A - B - C - D - E - F - G - H- I - J - K - L - M - N - O - P - Q - R - S - T - U - V - W  

Diccionario filosófico
Complete edition

Diccionario de Filosofía
Brief definition of the most important concepts of philosophy.


A Dictionary of English Philosophical Terms Francis Garden


Vocabulary of Philosophy, Psychological, Ethical, Metaphysical
William Fleming

Biografías y semblanzas Biographical references and lives of philosophers

Brief introduction to the thought of Ortega y Gasset

History of Philosophy Summaries

Historia de la Filosofía
Explanation of the thought of the great philosophers; summaries, exercises...

Historia de la Filosofía
Digital edition of the History of Philosophy by Jaime Balmes

Historia de la Filosofía
Digital edition of the History of Philosophy by Zeferino González

Vidas, opiniones y sentencias de los filósofos más ilustres
Complete digital edition of the work of Diogenes Laertius

Compendio de las vidas de los filósofos antiguos

A brief history of Greek Philosophy
B. C. Burt


A Short History of Philosophy





ANALYSIS (ἀνὰ λύω, resolutio).—Separation of the parts of a complex whole, either actually, as in physical structure; or by observation and comparison, as in the phenomena of consciousness. In mental philosophy, the resolution of our experience into its simple or original elements, with a view to reconstruction of these with full regard to their relations in the mental state to which they belong.


In Empirical Psychology, the first requisite is Introspection, (q.v.); the next comparison, distinguishing the elements present in a complex experience. Analysis is the first requisite for interpretation of experience, for attempting a philosophy of the development of mind, and for determining the possibilities of human life. Thus philosophic procedure must in the first instance be analytic.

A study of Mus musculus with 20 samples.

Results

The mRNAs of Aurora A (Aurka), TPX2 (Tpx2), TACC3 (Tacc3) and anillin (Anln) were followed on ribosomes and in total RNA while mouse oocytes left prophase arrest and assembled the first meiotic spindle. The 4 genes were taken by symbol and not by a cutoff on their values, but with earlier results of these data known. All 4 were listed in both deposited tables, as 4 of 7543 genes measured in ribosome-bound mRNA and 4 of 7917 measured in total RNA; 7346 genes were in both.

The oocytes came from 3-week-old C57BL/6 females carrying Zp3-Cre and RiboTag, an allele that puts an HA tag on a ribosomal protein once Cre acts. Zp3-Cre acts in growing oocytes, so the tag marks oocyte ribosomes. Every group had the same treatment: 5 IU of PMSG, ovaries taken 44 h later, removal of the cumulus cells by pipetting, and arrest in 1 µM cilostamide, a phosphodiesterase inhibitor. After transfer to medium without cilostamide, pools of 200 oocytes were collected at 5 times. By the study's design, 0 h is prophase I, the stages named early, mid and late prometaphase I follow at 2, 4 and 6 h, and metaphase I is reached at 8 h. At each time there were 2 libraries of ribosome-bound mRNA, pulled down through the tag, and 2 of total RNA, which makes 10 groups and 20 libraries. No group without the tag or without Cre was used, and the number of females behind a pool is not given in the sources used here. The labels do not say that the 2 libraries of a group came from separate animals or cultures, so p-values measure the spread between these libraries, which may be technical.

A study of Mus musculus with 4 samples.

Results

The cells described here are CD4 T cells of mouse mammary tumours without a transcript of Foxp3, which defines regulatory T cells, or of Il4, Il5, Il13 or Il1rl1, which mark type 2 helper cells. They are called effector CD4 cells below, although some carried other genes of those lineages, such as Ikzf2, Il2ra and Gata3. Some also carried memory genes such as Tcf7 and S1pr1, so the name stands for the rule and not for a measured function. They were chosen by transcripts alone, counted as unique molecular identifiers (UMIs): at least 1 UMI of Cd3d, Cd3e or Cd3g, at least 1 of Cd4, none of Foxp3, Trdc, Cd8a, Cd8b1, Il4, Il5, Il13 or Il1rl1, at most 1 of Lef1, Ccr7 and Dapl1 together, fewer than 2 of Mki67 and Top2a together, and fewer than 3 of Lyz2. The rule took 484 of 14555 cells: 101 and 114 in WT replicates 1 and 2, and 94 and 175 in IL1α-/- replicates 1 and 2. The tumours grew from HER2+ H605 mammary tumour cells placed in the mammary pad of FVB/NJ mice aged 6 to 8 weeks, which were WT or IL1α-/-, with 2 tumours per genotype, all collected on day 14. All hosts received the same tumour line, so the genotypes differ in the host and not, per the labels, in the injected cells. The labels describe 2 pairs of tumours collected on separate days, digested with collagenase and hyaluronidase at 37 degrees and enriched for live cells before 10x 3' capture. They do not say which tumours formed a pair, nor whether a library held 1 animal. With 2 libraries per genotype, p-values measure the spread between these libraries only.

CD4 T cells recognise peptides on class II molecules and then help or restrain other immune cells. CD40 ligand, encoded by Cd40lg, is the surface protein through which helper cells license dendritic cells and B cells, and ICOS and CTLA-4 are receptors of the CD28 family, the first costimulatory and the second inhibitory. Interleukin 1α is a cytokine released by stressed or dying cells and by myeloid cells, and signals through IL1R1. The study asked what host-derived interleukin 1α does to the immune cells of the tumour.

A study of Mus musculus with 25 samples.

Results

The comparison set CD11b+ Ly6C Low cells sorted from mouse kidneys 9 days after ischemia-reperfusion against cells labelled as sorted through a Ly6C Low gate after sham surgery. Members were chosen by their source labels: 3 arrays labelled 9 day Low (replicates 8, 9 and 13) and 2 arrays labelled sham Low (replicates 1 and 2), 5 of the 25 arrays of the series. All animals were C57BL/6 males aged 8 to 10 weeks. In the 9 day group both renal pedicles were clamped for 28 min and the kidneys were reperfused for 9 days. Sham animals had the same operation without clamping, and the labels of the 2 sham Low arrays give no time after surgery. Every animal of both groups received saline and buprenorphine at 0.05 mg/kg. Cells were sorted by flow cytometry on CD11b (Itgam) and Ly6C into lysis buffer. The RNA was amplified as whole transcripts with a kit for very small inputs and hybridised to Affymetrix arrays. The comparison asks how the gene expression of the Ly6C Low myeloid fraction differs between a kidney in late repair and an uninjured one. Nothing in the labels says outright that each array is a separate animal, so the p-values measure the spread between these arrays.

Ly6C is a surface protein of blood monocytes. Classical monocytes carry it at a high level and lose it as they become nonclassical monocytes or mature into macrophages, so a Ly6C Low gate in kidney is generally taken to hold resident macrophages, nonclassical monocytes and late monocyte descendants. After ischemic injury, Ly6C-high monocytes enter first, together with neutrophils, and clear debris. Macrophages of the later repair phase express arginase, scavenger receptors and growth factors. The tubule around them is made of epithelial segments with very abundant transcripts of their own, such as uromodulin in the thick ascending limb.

Still more important for the progress of philosophy is the synthesis afterwards effected.— V. SYNTHESIS.

Analysis is Real, when a chemist separates two substances; Logical, when we consider properties separately, as the properties of the sides and angles of a triangle; Psychological, when we distinguish the elements which constitute a state of consciousness; Metaphysical, when we distinguish the elements which make experience possible.

Abstraction is analysis, since it is decomposition, but what distinguishes it is that it is exercised upon qualities which by themselves, or out of relation to others, have no real existence.

"Hac analysi licebit, ex rebus compositis ratiocinatione colligere simplices; ex motibus, vires moventes; et in universum, ex effectis causas; ex causisque particularibus generales; donec ad generalissimas tandem sit deventum" (Newton, Optics, 2nd ed. p. 413).

Reid's Inquiry, Introd. (Hamilton, p. 99); Stewart's Elements, pt. II. ch. IV.; Hamilton's Metaph., I. 98, lect. VI.; Sully, Outlines of Psychology, app. I.